Cambodia’s Mobile Landscape


“The future is definitely data.”

These are the words of Smart CEO Thomas Hundt as he pledges to continue to plough money into developing the mobile operating giant’s data network. “Our investments are focussed into the data networks, in 2013 we invest more than $50 million into 2G and 3G,” he adds as he reveals plans to launch 4G in the near future.

With more than 40% of mobile phones being bought in Cambodia in the first six months of 2013 being smart phones and the trend looking set to continue well into the future, this is an area Hundt knows is in strong demand.

“We can see the market demanding more and more data services,” he says. “Cambodia is still behind the global average but it’s showing a clear direction that people want to get on the Internet and, for the vast majority, a mobile phone is the only way. On the one hand this is a great opportunity but requires great investment into the networks.”

Already Smart has developed a 3.75G network, featuring DC-HSPA and HSPA+, running at speeds of up to 42 megabits per second. And a total of 95% of the country’s population is covered with a minimum of 2G, with more than 30% receiving 3G – a figure that is expected to double by the end of the year.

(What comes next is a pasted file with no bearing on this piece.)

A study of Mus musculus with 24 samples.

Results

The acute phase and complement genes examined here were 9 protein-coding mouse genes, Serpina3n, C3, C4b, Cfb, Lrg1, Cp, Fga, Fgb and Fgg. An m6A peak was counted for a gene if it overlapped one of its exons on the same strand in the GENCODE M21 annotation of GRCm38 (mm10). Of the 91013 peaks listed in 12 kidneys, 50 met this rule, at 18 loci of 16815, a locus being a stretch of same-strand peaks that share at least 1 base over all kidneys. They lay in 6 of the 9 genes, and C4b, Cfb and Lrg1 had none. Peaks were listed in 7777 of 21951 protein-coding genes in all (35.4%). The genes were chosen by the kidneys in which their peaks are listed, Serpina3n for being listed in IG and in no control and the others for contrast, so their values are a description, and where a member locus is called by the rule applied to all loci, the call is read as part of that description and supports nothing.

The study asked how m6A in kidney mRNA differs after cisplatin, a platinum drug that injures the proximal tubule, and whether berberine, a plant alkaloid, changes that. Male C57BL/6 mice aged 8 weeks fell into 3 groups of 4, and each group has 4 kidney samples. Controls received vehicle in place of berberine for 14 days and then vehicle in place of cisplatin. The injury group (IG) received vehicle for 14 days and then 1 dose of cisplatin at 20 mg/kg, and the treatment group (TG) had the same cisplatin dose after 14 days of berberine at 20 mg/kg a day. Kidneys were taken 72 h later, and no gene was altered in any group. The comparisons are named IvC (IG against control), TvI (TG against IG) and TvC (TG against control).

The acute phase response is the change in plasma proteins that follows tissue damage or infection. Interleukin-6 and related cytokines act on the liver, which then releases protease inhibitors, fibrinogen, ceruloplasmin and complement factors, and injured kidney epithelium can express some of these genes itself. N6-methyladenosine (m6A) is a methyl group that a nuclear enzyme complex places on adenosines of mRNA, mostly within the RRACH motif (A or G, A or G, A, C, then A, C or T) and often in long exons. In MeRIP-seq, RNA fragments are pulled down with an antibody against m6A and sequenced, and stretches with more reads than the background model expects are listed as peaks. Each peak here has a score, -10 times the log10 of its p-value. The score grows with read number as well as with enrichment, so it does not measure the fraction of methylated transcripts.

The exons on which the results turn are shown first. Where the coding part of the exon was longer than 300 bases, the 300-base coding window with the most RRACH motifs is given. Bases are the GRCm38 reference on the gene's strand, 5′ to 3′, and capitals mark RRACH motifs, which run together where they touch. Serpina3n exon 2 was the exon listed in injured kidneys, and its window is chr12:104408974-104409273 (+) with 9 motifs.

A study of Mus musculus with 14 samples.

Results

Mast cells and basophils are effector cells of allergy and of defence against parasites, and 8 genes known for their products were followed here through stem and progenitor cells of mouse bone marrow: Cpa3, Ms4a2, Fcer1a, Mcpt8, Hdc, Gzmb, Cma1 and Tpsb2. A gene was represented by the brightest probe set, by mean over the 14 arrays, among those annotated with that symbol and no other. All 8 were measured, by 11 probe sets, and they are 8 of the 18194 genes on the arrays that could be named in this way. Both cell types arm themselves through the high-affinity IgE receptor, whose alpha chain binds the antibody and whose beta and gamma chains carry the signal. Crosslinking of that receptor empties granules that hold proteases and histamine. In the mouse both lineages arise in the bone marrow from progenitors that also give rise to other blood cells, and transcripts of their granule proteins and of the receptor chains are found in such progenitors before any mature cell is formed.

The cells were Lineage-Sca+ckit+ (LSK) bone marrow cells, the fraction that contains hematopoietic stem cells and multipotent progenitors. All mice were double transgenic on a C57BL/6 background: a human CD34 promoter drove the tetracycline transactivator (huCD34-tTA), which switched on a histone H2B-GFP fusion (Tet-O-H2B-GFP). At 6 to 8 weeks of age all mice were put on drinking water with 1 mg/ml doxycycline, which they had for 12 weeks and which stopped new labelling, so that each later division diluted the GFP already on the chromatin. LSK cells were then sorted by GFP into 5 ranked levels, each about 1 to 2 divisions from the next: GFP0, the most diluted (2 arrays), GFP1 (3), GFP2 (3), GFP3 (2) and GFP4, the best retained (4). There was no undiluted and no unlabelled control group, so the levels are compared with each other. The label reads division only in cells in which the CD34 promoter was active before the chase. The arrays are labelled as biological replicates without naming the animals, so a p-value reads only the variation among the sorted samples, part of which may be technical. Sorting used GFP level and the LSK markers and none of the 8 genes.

“Demand is sky-rocketing,” Hundt comments. “Customers are browsing and talking a lot more. To cater for this we need to invest in coverage and capacity so there’s still room for network deployment. Last year, price was the main driver but network quality is becoming more important.”

In a country with a population of 15 million, it is estimated there are between nine and 10 million people actively using mobile phones at present. The actual number of SIM cards registered is much more but it is believed many people own two or three SIMs.

At one point, there were nine operators serving the country – a figure that has been slashed to five after several moves including Hello merging with Smart earlier this year and the bankruptcy of Mfone.

“This has changed the market environment quite drastically,” Hundt says. “Initially the market was quite overcrowded but this has changed the market for the better by cutting down on the number of players.”

Although, he adds, the market is still fairly crowded and competitive, there remains room for more consolidation. “I believe in the long-term there will be a maximum of three to four players here who will sustain and invest into the future,” he predicts.